Other great links on the Alemany Farmer's Market
- alemany farmers market april 2003
Travelogue entry with links to plenty of pictures. A great read and great pictures!
- Becks & Posh (local food blogger)
Becks's trip with a few pictures and commentary.
- KQED (local PBS station) feature
Has a nice slideshow of the stands and patrons.
- SFGov: Alemany Farmers Market
Explains the history of the market. One of the oldest farmer's markets in the U.S. First established in the 1940s.
2 families who have been selling at Alemany Farmers' Market for years
Driving directions, Hours, Prices - Practical Information
- Driving directions: Use the map above, or follow these directions:
Take 101 South to the Cesar Chavez exit. Bear Left for CC East/Bayshore, and then again bear right for Bayshore Blvd. Continue down to Alemany Blvd and turn right. You'll see the market on your right.
- Parking: Either wait an eternity for parking to open up in the market (there are probably 20 spots in the market, and another 30 on the street in the immediate vicinity), or drive around the neighborhood for plenty of residential parking. I almost always drive up the hill and park on a residential street that's about a 3-minute walk downhill to the market.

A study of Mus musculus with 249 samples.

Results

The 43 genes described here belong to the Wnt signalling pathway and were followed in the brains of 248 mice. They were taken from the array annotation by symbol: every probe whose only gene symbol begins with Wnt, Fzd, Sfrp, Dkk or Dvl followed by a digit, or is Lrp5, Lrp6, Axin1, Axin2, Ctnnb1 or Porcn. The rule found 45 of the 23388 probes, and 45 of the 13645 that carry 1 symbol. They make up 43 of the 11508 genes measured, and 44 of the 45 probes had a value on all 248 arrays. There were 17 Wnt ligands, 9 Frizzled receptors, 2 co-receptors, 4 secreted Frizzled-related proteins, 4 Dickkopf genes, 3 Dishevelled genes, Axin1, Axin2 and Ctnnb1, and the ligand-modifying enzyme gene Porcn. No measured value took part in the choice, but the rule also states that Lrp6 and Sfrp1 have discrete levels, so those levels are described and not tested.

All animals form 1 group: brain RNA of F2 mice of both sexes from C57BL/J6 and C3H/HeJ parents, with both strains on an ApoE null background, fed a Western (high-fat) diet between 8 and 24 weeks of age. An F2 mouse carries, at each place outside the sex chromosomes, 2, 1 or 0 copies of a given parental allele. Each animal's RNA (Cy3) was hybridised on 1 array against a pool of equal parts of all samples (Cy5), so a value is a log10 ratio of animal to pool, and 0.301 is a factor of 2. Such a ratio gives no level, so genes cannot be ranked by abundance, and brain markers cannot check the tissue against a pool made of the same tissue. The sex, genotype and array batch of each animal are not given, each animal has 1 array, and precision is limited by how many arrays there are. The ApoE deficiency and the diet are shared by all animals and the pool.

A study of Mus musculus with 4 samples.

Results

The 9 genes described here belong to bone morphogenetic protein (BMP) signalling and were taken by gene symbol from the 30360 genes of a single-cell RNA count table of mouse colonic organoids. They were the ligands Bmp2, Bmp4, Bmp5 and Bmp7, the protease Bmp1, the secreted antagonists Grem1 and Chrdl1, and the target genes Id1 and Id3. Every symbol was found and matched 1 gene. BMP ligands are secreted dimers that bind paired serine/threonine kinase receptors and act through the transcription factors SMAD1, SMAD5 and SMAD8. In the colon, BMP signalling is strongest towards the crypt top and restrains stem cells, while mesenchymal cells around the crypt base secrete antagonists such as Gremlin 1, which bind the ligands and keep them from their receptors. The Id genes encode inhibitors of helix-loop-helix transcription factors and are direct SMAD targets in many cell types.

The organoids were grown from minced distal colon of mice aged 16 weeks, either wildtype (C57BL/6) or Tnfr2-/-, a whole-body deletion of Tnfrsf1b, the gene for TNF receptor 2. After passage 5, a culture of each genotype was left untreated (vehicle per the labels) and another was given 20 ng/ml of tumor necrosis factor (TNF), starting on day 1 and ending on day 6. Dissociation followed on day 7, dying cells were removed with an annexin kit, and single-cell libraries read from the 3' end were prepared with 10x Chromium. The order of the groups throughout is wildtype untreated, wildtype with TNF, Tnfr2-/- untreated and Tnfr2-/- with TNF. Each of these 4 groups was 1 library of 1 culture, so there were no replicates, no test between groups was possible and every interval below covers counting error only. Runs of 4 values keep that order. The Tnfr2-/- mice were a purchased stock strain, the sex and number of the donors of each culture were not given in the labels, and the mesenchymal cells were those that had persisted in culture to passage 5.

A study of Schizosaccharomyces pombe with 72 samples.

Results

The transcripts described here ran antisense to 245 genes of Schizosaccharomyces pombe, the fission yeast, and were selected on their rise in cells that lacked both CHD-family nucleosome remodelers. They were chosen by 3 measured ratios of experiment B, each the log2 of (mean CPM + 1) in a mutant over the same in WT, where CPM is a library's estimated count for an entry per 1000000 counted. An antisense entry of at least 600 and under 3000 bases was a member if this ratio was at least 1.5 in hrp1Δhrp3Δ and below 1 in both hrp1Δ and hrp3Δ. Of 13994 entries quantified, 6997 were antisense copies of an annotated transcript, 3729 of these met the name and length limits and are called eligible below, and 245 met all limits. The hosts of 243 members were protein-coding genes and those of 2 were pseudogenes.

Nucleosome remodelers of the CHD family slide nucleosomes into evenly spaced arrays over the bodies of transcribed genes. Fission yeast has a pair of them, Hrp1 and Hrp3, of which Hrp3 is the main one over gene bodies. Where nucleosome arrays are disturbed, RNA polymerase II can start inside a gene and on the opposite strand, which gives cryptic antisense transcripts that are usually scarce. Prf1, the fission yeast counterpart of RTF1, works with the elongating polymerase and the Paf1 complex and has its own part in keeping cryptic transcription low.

- Hours: every Saturday, 6am - 5pm, year round
- Temperature: This is San Francisco, so even on sunny days, you might want to dress warm. For some reason it always seems chilly/windy here, even on relatively warm days.
- Types of produce: One stand has an excellent selection of common and exotic mushrooms (including pink "flamingo" oyster mushrooms). Several specialize in Asian vegetables like bitter melon and bok choy, and even some with Asian herbs like "hot mint" and Thai basil. Lots that have a large selection of Western vegetables and fruits. There were a couple of very popular Filipino stands with vegetables I didn't know. Also a few stands selling live seafood (crabs for $4.50/lb, shrimp) and a cheese stand. There are several that feature Mexican/Central American produce, too. I once bought a large bag of fresh flores de calabaza (zucchini flowers) for $2! (You can easily overpay for these at pricier markets in the area)
- Ready to eat stands: They have a couple of bakeries (bread & pastries), 1 Mexican brunch food stand (with tamales & chiliaquiles), 1 specializing in Afghan food, another in Indian food (with ready-to-eat samosas), and 1 crepe stand (see picture below at bottom). The crepes were $4-8 apiece, considerably cheaper than Ti Couz and freshly made.
- Prices: Vary based on season. We bought Swiss chard at $1/bunch, compared to $2.75/bunch at the Oakland Splash Pad Park market, but the quality wasn't as good. We bought 3 cartons of strawberries for $5--excellent quality but not organic (they sold out of those by 8am). We got beautiful portobello mushrooms for $4/lb. A GREAT salad stand was selling mixed greens, arugula, mizuna and others for $2/lb.
- Epicurious.com - Green (fresh) almonds
A short backgrounder on green almonds and what chefs are using them for.